Card Check: But What About the Secret Ballots?

By November 23, 2008Labor Unions

House Majority Leader Steny Hoyer and Minority Leader John Boehner appeared together today on Fox News Sunday, and Chris Wallace asked about the Employee Free Choice Act. From the transcript:

WALLACE: Congressman Hoyer, the Democratic Caucus chose its leaders this past week by secret ballot, and yet you want to pass the union card check which would deprive workers of the ability to cast a secret ballot when they’re asked whether or not to unionize their workplace.

Why is a secret ballot OK and desirable for Congress, but you want to take it away from workers?

HOYER: Chris, very frankly, what we want is to make sure that workers can get the opportunity to be represented and to bargain collectively for pay and benefits and working conditions. We think that’s a basic American right protected by law.

The problem has been that getting an election has been extraordinarily difficult for American workers. Organizing and getting that ability to be represented has been extraordinarily difficult. That’s why the card check bill came about.

When you have over 50 percent sign up and say, “We want to be represented,” and then they are prohibited from getting an election by all sorts of maneuvers, we don’t think that’s fair. We don’t think that’s the intent of the law. And that’s why the card check bill has been proposed.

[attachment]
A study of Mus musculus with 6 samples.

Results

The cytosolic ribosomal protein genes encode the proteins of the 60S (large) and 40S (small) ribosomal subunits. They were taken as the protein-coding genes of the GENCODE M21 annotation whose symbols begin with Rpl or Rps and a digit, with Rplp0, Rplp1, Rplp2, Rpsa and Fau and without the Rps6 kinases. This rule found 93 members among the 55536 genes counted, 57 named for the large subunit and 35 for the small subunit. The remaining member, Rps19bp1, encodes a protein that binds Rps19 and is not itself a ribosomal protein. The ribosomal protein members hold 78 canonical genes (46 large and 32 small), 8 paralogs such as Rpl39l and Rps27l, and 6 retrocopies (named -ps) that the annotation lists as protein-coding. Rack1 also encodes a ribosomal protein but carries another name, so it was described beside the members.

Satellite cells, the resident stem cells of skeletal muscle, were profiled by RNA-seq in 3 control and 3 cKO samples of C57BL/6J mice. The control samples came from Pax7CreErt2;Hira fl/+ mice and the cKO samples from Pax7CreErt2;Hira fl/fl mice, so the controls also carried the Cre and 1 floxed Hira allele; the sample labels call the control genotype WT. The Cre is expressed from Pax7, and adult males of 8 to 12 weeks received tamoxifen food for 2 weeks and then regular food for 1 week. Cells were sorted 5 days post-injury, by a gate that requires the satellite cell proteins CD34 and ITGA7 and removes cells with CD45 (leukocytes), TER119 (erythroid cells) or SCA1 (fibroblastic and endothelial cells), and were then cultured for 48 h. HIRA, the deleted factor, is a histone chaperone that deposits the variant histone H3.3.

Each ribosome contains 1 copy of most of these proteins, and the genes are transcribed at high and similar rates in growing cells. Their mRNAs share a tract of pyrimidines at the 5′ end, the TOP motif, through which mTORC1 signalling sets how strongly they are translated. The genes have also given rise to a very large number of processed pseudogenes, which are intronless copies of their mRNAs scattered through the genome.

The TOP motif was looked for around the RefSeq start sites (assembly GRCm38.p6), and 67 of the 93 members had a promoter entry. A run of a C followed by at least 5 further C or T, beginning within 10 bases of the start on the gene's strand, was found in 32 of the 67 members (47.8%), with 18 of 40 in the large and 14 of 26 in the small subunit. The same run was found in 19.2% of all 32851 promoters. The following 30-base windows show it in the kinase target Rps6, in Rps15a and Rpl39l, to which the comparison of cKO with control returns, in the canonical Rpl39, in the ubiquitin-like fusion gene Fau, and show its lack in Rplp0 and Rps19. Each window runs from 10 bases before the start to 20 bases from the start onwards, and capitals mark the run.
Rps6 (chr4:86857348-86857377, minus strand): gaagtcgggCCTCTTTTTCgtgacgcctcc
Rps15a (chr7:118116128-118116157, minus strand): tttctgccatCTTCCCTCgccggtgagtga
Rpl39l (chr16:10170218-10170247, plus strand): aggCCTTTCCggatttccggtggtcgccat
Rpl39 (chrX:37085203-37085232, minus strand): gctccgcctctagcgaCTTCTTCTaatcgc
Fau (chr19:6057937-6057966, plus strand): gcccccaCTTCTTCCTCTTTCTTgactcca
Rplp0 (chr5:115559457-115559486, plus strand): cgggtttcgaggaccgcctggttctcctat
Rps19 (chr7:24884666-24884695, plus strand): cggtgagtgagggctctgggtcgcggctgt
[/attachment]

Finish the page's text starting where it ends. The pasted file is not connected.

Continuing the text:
We’re going to look at that. We’re going to see if there are modifications to it that can be effective. We’ll bring compromise. But we think, absolutely, American workers have the right to organize and be recognized.

Did you see an answer to Wallace’s question anywhere in there? As best you can infer this argument: The elections are unfair and therefore we’re doing away with those elections.

From the BNA review of union elections as collected by the National Labor Relations Board:

The union win rate decreased slightly to 60.1 percent in 2007, down from 61.4 percent the year before. Unions have won more than half of all representation elections in each of the past 11 years. The NLRB conducted 1,502 elections in 2007, compared with 1,657 in 2006. In 1996, about 3,300 elections were conducted by the agency. The number of elections won by unions also decreased to 902 in 2007 from 1,018 in 2006. The number of eligible voters decreased to 101,991 in 2007 from 112,336 in 2006. In 2007, unions organized 57,908 workers through the NLRB elections, down from 59,759 the previous year.

Not satisfied with winning 60.1 percent? Not high enough? Then eliminate the elections all together!

(Kudos to Wallace for asking the question.)